Photo courtesy of Docey Dandies

Lynne Hermansen
The first square dancing lessons of the season will be Tuesday, September 13 from 7:00 to 9:00 p.m. for the Docey Dandies Square Dance Club.
The lessons are held at the Grange Hall on the Johnson County Fair Grounds, and the first three lessons every Tuesday through September are free for the family friendly event.
The club dances on the 2nd and 4th Saturdays of the month.
The dance club began at the Gardner School cafeteria in January 1956 with western style square dance lessons, and May 25, 1956 36 couples graduated from the first year of classes.
They have met at the Grange Hall for the last 30 years after being shuffled around various locations including Argo’s Furniture Store.
Donna Valizan, current president, said the club was built back up in 2012, but it had been down the last three years with the pandemic.
“It’s struggling the most it ever has,”she said.
Valizan is passionate about all types of dancing, but holds a strong fondness for the club. When it was going to fold in May of this year, she took over as President.
“I didn’t want the club to fold,”she said.
Valizan said she had experienced a lot of loss in her life earlier this year and wasn’t ready to lose the Docey Dandies.
“I realized things are changing, but I wasn’t ready to let go of something that brought so much joy and the friends I made,”she said.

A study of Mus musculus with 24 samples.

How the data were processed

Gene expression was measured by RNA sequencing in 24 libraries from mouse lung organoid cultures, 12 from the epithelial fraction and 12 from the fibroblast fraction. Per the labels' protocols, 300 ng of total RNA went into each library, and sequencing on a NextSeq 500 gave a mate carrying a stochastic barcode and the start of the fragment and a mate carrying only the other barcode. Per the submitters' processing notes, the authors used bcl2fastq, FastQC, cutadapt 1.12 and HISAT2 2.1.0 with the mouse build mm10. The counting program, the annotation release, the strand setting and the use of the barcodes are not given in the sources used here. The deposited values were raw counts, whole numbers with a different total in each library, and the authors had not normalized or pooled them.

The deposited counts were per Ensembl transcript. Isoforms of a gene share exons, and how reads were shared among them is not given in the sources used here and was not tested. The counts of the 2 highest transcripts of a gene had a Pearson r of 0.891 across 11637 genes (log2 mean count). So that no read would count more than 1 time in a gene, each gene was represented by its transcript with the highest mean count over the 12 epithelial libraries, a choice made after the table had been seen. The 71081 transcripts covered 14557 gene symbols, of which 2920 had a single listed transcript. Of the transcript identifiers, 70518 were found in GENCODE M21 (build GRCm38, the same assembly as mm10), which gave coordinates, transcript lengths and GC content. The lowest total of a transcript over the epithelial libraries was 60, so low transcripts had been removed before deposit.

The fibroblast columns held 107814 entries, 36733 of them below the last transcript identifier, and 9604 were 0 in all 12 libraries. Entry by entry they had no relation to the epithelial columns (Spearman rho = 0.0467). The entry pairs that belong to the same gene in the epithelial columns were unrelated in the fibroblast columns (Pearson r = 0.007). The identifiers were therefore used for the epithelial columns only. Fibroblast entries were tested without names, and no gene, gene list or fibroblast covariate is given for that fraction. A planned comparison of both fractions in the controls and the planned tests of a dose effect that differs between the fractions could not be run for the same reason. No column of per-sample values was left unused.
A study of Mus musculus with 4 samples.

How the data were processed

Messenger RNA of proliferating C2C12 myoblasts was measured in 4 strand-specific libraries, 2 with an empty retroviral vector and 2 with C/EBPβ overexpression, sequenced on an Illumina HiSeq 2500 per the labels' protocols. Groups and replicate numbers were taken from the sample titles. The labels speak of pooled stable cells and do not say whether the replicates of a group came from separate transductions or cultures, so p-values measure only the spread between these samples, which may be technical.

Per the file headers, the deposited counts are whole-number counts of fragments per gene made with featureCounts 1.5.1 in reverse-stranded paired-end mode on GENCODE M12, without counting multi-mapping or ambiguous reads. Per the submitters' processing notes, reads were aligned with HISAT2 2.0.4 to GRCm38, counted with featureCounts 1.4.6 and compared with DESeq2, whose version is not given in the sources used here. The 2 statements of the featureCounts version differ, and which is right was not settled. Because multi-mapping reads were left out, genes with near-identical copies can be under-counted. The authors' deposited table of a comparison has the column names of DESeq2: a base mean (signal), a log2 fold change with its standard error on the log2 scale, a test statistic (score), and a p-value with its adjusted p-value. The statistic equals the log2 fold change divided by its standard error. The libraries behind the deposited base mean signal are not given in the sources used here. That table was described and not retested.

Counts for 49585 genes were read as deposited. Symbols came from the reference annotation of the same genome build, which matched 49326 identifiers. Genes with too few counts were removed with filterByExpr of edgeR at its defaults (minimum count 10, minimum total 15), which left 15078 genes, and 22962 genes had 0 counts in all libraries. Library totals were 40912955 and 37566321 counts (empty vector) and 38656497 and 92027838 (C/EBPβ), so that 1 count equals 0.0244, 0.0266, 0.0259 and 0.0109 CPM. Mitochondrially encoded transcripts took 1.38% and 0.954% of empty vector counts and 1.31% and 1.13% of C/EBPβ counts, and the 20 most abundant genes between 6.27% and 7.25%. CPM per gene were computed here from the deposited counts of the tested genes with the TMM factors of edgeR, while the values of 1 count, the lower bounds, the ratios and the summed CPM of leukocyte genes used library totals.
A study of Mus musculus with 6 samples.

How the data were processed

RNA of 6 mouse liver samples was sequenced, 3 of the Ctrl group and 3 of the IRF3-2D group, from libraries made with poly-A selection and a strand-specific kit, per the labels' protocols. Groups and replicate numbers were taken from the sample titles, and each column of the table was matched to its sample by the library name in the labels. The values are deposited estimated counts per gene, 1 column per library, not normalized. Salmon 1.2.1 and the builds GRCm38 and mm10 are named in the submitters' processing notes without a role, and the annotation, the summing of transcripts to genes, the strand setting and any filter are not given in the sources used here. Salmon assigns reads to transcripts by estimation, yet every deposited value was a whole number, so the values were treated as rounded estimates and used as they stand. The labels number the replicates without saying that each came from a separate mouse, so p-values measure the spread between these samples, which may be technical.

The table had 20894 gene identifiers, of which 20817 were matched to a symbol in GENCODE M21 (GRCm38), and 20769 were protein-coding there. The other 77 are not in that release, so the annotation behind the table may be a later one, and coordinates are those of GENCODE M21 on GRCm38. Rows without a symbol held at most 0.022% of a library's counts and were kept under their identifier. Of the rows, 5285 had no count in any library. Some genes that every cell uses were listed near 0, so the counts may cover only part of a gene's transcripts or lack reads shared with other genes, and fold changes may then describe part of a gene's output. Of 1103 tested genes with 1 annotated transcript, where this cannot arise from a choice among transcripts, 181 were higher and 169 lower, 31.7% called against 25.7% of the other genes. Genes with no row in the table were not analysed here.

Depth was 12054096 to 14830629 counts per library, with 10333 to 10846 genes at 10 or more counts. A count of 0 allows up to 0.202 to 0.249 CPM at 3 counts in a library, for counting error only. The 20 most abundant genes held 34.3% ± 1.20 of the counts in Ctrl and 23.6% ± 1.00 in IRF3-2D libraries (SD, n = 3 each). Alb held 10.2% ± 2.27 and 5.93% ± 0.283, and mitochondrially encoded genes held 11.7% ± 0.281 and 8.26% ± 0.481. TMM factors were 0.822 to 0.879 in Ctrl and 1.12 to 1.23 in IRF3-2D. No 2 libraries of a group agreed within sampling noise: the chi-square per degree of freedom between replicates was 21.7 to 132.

Bob and Donna Knoche two of the earliest members, rejoined the club in 1971 and remain full time members.
Valizan said her and her husband tried the club in the early 1980s, dropped out in about 1985 because of family and work conflicts with time commitment issues and rejoined in 2003 after receiving a request through a letter from the club President at the time.
Her health isn’t as strong these days as it used to be, but she still tries to dance every chance she can.
“I can’t dance as much before the fall,”she said. “But when you step into that square and the music starts and no matter what problems you have that day—life’s problems are gone.”
Valizan said the dancing and club make someone feel good.
“You just go into the music,”she said. “You go into the fun.”
Valizan said it is important to them to keep Docey Dandies thriving and teaching younger generations, because every country has a traditional dance, and they consider the square dance the traditional American dance.
“So many other countries children still do the traditional dances,”she said. “It’s for all ages.”
Valizan also considers square dancing a family event.
The square dance four couples meet in a square formation in the dance floor. The dance begins with a “patter” that has no words to the music, and a caller tells the dancers their steps and moves. The next dance is a “singing call.” The patter then singing call are called “tips” and in between dancers can rest, visit or dance a round or line dance.
All dances are conducted in English.
Mike Salerno has been the club’s current caller since 1996, and is skilled in a wide range of different dance styles.
Valizan said dance skills aren’t required to learn square dancing or join the club, and old members dance with new members.
“A man doesn’t have to know how to dance or have rhythm,”she said. “It doesn’t matter in square dancing. Promenade is French for walk. You don’t have to have rhythm to walk.”
The traditional attire is also not required to participate, but Valizan said she loves the mushroom skirts.
“They are so much fun,”she said. “They’re colorful and when you twirl the colors go around in a circle.”
Valizan’s favorite part of the club is the friendships she has made over the years.
“You don’t just have a friend here,”she said. “Any door you walk into in square dancing you have a friend.”